Friday, 11 January 2013

Quetta witnessing sit in by Shias  

Armed with the unimaginable weapons and the dead bodies of their loved ones who were brutally killed in the Quetta blasts are staging a sit in Quetta, instead of rushing to bury them. It is the sign of the abnormality and desperation of one aspect of Pakistan's current condition, that beleaguered brothers and sisters, fathers, mothers and children, are sitting out in the dark and cold Alamdar street of Quetta.

Veteran journalist Nasim Zehra in one of her posts on Facebook has written. “This protest, almost of an unnatural kind, will go down as one of the most heart-wrenching and poignant moment in Pakistan's deeply traumatic journey towards stable and sane adulthood. The hopeful sign is the show of solidarity for the Shia Hazaras as people in Karachi and Lahore are planning protests”.

The protestors with dead bodies of their loved one are demanding that the killers be apprehended, Governor Rule be imposed in Baluchistan and the army takes over city's security. Currently the CM and the Home Minister are both missing from Quetta while the provincial ministers appear to be in hiding”.

Quetta Yakjahti Council (QYC) has continued its protest since Friday evening against the worst terrorist attacks in Quetta, in which over 100 people lost their lives. According to media reports the sit-in includes women, children, senior citizens and the dead bodies of around 86 martyrs. 

The QYC has declared that the sit-in will continue till the city is handed over to the army.
Shia leaders are now openly questioning Pakistani army chief General Ashfaq Kayani over security in the country after the recent bomb blasts in Quetta.

“I ask the army chief: What have you done with these extra three years you got (in office). What did you give us except more death,” Maulana Amin Shaheedi, a central leader of the Majlis-i-Wahdat-i-Muslimeen, told a news conference.

Most of Thursday’s deaths were caused by twin attacks aiming Hazara Shias in Quetta, where members of the sect have long accused the state of turning a blind eye to extremist militant death squads.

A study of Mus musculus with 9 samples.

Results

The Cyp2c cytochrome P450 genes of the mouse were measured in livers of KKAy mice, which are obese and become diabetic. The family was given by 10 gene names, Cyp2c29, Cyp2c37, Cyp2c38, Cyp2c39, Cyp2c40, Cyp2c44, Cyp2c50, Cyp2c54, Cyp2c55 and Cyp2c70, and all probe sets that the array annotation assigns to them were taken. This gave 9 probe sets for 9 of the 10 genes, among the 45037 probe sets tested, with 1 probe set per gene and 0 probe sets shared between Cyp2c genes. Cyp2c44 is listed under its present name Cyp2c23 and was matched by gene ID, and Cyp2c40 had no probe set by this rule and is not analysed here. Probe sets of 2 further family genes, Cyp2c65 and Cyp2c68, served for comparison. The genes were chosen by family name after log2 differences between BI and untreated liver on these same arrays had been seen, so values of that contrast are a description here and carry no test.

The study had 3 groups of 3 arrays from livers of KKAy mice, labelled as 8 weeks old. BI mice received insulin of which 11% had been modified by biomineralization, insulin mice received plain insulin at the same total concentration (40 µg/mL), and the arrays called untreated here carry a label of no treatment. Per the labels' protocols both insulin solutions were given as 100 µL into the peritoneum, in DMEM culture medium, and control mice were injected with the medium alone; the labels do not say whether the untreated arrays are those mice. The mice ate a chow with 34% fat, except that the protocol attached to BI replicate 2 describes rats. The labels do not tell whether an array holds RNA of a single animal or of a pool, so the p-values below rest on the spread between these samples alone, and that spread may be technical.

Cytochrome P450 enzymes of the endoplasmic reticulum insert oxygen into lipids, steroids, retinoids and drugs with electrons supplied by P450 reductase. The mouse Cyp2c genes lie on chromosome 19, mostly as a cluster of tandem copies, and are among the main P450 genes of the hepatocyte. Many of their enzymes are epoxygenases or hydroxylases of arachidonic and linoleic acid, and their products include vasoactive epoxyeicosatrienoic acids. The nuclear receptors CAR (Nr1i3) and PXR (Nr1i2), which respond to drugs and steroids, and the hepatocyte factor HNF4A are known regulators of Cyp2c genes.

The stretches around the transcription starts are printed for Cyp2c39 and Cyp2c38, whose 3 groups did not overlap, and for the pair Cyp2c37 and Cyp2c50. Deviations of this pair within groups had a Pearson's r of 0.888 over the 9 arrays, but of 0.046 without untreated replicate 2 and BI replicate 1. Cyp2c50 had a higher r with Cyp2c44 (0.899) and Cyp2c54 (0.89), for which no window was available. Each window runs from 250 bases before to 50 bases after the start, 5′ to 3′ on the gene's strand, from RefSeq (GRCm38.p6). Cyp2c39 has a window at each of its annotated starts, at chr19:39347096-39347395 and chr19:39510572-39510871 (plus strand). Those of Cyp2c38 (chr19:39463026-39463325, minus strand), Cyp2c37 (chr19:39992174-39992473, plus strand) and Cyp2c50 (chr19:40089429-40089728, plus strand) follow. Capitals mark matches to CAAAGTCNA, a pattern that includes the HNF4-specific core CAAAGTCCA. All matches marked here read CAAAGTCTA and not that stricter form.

The burials were scheduled after Friday prayers but the leaders said the bodies would remain in place until Shias receive promises of protection. Shaheedi said “They will not be buried until the army comes into Quetta,” he said.

Violence against Pakistan’s Shia Muslims is rising and some communities are living in a state of siege, a human rights group said on Friday.

Last year was the bloodiest year for Shias in living memory as more than 400 were killed and if Thursday’s attack is any indication; it is just going to get worse.

According to media reports the banned extremist group Lashkar-e-Jangvi (LeJ) claimed responsibility for the attack in a predominantly Shia neighbourhood where the residents are ethnic Hazaras, a majority of whom are Shias who first migrated from Afghanistan in the nineteenth century.

The LeJ has stepped up attacks against Shias across the country but has zeroed in on members of the sect who live in resource-rich Balochistan province.

“The LeJ operates under one front or the other, and its activists go around openly shouting, ‘infidel, infidel, Shia infidel’ and ‘death to Shias’ in the streets of Quetta and outside our mosques,” said Syed Dawwod Agha, a top official with the Balochistan Shia Conference.
“We have become a community of grave diggers. We are so used to death now that we always have shrouds ready.”

The roughly half a million Hazara people in Quetta, who speak a Persian dialect, have distinct features and are an easy target. They are living in a state of siege.